Over at TalkLeft, there is some discussion of the TSA's planned installation of a body scanner with "backscatter" technology in the Sky Harbor International Airport in Phoenix. The post addresses the technology from a privacy standpoint, but I have a common sense objection to the TSA's stated policy on the use of this machine.
It was interesting to read that the TSA has developed protocols relating to the storage of images from the machine - no images will be stored, and nothing can be printed. Reportedly they have also implemented a "privacy algorithm [which] would eliminate much of the detail shown in the images of the individual while still being effective from a security standpoint" - I guess they digitally put your underwear back on before displaying the image (or perhaps it's more like pasties and a G-string?) I had this discussion with somebody in the federal government quite some time ago, in the context of the use of this technology in federal buildings, and discussed at that time how it should be possible to find a way to process the image to reduce or eliminate the "nudity" without affecting its efficacy. That discussion had nothing to do with the TSA, and has nothing to do with the TSA's recognition of the technological tweaking I had thought obvious. I mention it only because it seems to have taken a long time for the proponents of this technology to implement even modest [no pun intended] changes to the image processing software which would remove a lot of the privacy concerns.
But do we need to be concerned about these machines as an invasion of privacy? Or are they primarily a waste of money.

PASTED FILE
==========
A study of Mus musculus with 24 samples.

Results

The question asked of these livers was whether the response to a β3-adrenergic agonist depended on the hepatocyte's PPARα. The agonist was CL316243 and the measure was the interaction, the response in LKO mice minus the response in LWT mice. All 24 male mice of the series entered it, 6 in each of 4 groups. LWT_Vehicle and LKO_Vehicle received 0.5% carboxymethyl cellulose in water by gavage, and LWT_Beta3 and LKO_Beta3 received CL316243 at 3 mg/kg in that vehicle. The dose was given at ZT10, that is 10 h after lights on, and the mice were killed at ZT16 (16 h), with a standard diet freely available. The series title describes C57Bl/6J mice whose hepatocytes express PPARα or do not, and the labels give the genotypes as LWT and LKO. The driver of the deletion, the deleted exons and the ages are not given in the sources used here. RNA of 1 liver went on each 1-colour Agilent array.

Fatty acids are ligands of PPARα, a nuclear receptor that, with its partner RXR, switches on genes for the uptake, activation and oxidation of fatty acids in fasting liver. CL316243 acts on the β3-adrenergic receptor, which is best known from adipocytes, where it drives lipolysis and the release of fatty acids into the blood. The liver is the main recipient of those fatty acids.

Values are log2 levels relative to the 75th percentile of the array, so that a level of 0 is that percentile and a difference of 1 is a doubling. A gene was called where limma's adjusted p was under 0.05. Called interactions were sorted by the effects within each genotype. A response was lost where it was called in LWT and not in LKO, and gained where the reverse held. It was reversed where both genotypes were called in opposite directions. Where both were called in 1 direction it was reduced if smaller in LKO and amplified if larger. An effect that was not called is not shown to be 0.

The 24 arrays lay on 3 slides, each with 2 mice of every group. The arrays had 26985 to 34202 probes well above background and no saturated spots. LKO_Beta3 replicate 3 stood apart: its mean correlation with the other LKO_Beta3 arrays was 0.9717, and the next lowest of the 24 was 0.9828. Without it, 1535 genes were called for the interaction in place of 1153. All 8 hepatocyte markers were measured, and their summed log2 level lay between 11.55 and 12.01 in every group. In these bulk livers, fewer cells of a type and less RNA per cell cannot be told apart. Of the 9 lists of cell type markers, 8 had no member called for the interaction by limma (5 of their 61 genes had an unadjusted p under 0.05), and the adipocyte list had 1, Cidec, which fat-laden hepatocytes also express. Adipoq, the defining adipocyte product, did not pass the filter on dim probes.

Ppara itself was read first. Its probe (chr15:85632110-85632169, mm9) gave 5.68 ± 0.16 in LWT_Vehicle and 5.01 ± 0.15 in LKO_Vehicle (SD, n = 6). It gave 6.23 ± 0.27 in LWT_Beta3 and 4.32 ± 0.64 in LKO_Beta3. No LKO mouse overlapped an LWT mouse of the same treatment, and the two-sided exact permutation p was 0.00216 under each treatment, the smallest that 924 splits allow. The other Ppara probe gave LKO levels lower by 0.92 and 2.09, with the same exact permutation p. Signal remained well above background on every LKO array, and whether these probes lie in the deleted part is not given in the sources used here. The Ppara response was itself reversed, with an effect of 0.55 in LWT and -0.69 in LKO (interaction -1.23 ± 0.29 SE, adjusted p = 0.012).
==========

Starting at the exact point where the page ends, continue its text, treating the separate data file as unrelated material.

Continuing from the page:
The security agency's website indicates that the technology will be used initially as a secondary screening measure, meaning that only those passengers who first fail the standard screening process will be directed to the X-ray area.Has any type of cost analysis or efficiency analysis been done to see whether the cost of purchasing and maintaining these machines, and staffing them with technicians, would exceed the cost of, say, adding another agent or two and a few additional curtained areas where pat-downs could be conducted? If a pat-down is a sufficient substitute for the machine, it seems like a huge investment in unnecessary technology. If not, then passengers who wish to smuggle contraband will request a pat-down.
Even then, passengers will have the option of choosing the backscatter or a traditional pat-down search.
If the plan is to march so many people through the machine that the TSA can't realistically pat them all down, the privacy concern becomes a bit different, as that would make it appear that the criteria for subjecting somebody to this more intensive screening are too lax. One would hope that the plan isn't to loosen screening standards such that a sufficient number of passengers can be marched through the machine so as to justify its cost.